The next time your cat has a scratch, a cut, a limp or a fever, keep your paws off the handy paracetamol strip and instead reach for the phone to schedule an appointment with your vet.
- Self-medicating can cause a load of issues for a human and when it comes to our beloved pets this is compounded by the unintentional use of human doses on tiny pets.
- The world’s most commonly used (abused), inexpensive, over-the-counter painkiller is Paracetamol.
- It is one of the most common causes of toxic fatalities among domestic cats, by concerned, well-meaning but uninformed pet owners.
- It can be toxic to them even at the small dose of 10-50 mg per kg.
- Signs of toxicity can occur as soon as 1 to 4 hours post-ingestion.
- Chocolate brown mucous membranes [gums, inner eyelids] (methemoglobinemia), Cyanosis (blue tongue), brown urine, dyspnoea (difficulty in breathing), tachycardia (increased heart rate) and occasional vomiting. Swelling of the face, neck and limbs (12 - 48 hrs post ingestion). Other signs include: depression, hypothermia (decreased body temperature), ataxia (inability to control movement) and occasionally dilated (enlarged), unresponsive pupils.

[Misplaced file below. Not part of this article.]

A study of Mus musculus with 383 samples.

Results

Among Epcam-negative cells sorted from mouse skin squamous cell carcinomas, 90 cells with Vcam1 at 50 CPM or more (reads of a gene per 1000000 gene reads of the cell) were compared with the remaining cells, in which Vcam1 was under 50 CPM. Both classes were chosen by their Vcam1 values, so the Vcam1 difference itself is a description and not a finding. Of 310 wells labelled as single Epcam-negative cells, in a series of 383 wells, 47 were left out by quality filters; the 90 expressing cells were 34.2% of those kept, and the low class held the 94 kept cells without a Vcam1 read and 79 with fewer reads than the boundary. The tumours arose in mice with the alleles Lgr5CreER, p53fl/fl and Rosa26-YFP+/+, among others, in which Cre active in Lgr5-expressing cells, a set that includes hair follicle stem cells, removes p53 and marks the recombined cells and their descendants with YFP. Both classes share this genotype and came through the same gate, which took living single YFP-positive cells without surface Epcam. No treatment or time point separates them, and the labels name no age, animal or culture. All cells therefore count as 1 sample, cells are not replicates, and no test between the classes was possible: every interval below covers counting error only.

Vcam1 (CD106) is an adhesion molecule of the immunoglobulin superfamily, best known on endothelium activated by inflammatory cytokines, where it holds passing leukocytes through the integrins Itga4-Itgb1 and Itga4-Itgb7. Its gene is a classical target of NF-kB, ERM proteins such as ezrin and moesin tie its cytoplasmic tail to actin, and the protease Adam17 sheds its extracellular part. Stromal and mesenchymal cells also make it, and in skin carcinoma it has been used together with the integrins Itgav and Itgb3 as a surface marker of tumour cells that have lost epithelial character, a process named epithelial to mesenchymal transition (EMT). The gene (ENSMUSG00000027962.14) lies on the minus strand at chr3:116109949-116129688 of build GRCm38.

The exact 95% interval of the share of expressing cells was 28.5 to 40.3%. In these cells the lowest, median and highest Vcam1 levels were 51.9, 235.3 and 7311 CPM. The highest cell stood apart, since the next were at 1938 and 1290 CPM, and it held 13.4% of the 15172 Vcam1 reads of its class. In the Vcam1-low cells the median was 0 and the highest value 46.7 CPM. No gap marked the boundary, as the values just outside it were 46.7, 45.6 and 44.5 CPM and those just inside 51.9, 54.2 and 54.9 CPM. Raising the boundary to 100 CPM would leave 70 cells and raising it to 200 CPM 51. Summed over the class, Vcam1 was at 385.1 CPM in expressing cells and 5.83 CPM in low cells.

- Can then progress to coma and death.
Cats lack the enzyme to properly metabolise (process) the drug leading to building up of reactive waste products (metabolites) in their body leading to liver failure and the inability of the blood to carry oxygen and anaemia.
If your cat does accidentally consume even a single pill, then immediately rush him/ her to a vet to be administered the antidote as needed alongside other supportive therapy.